A federal judge argued that community board members will keep not-for-profit hospitals from arbitrarily raising prices when he refused to block a hospital merger in Joplin, Mo.
If upheld by an appellate court, the opinion could represent a significant victory for not-for-profit hospitals. Historically, courts have rejected arguments that not-for-profit status and community leadership will guard against anti-competitive behavior.
U.S. District Judge Dean Whipple in Kansas City, Mo., issued a 32-page opinion June 9 on the merger of 167-bed Freeman Hospital and 96-bed Oak Hill Hospital.
"Arguably, a private nonprofit hospital that is sponsored and directed by the local community is similar to a consumer cooperative," he wrote. "It is highly unlikely that a cooperative will arbitrarily raise prices merely to earn higher profits because the owners of such an organization are also its consumers.
"Similarly, if a nonprofit organization is controlled by the very people who depend on it for service, there is no rational economic incentive for such an organization to raise its prices to the monopoly level even if it has the power to do so."
Eight of the 18 board members of Freeman and Oak Hill own local businesses or are employed by one, while four are retired owners or employees. Five board members are physicians. The remaining member is Freeman President Kelby Krabbenhoft.
Whipple argued that business representatives won't raise prices because, in the end, they'll pay them. Physicians, he wrote, also will try to keep prices low so they don't drive patients to other hospitals and reduce their own patient volume.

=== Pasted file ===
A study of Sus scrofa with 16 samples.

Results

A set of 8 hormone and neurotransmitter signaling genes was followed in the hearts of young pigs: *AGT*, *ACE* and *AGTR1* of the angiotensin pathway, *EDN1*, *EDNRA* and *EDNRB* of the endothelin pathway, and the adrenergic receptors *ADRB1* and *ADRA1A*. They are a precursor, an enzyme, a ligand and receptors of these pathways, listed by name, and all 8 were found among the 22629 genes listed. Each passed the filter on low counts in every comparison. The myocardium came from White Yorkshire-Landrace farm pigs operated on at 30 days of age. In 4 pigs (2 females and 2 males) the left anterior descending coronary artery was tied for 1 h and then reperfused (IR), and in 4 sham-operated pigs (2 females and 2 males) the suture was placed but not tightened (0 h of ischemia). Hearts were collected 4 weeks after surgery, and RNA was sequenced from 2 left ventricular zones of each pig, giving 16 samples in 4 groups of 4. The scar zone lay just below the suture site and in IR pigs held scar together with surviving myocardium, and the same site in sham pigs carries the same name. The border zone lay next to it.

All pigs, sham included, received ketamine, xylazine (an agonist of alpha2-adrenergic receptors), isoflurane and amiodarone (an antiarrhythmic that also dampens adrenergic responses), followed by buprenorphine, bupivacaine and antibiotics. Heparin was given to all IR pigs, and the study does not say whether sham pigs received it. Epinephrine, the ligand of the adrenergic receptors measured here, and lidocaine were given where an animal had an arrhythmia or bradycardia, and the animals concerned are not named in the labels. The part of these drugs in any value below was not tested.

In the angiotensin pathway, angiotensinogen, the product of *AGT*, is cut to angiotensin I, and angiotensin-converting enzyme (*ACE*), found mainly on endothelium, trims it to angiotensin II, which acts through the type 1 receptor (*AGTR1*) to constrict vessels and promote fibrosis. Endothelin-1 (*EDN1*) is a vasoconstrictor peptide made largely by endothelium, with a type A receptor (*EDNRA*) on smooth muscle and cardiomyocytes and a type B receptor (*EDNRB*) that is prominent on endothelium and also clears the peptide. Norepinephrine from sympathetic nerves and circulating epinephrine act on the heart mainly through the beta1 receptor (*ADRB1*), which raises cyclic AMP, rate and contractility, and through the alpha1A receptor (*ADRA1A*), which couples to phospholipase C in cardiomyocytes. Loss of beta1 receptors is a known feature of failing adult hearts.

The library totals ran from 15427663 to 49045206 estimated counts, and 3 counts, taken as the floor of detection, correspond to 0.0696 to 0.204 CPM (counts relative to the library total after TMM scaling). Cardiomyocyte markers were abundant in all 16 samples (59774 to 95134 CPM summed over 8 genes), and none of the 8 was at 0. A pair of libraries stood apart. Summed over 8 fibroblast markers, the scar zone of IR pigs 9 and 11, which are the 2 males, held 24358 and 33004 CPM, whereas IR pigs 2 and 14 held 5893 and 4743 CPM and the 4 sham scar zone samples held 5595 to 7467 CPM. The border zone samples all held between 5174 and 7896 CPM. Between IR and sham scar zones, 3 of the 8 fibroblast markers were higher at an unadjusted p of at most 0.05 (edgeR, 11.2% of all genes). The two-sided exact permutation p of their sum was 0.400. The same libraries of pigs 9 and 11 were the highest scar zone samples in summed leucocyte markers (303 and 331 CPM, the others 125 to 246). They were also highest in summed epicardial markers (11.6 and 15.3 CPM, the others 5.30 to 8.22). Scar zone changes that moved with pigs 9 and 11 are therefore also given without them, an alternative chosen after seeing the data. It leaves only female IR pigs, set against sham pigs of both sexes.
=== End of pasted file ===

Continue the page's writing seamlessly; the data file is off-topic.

His opinion departs sharply from other courts'. In 1991, for example, the 11th U.S. Circuit Court of Appeals in Atlanta called a similar argument by two hospitals "self-serving" (Aug. 5, 1991, p. 3). It ruled that a preliminary injunction should have been issued against a proposed hospital acquisition in Augusta, Ga. The hospitals later called off their deal.
Freeman and Oak Hill merged March 1 after Whipple refused to issue a temporary restraining order against the deal (March 6, p. 8). The 8th U.S. Circuit Court of Appeals in St. Louis, however, told Whipple to hold a hearing on the Federal Trade Commission's request for a preliminary injunction. The appeals court must review his opinion before it becomes final. No action had been taken as of deadline.
Additionally, an administrative hearing hasn't yet been scheduled in the FTC proceedings on its antitrust complaint.
Freeman and Oak Hill are two of three hospitals in Joplin, a city of 42,000 in southwest Missouri. Freeman also owns 67-bed Freeman Neosho (Mo.) Hospital, located about 25 miles southeast of Joplin.
Oak Hill lost $606,000 on operating revenues of $32 million in its fiscal year ended May 31, 1994. The Freeman hospitals, however, are profitable, earning $3.6 million on operating revenues of $74.2 million in their fiscal year ended March 31, 1994.
In ruling that the FTC didn't demonstrate that the merger would hurt competition, Whipple accepted the hospital's definition of their service market as 13 counties in Missouri, Kansas and Oklahoma. Fourteen other hospitals compete in that market. He said the FTC arbitrarily defined its preferred market as 44 ZIP codes in five counties to exclude potential competitors.
Whipple also argued that the FTC isn't likely to prove the merger is anti-competitive in its administrative hearings because third-party payers and other customers haven't objected to it. One payer stated in an affidavit that animosity between Freeman and St. John's Regional Medical Center, Joplin's third hospital, had increased competition.
All three Joplin hospitals once discussed collaboration. Talks collapsed over a dispute about the provision of obstetrics services, and each side accused the other of breaching faith (March 28, 1994, p. 15). The FTC had argued that the talks were evidence of prior anti-competitive behavior.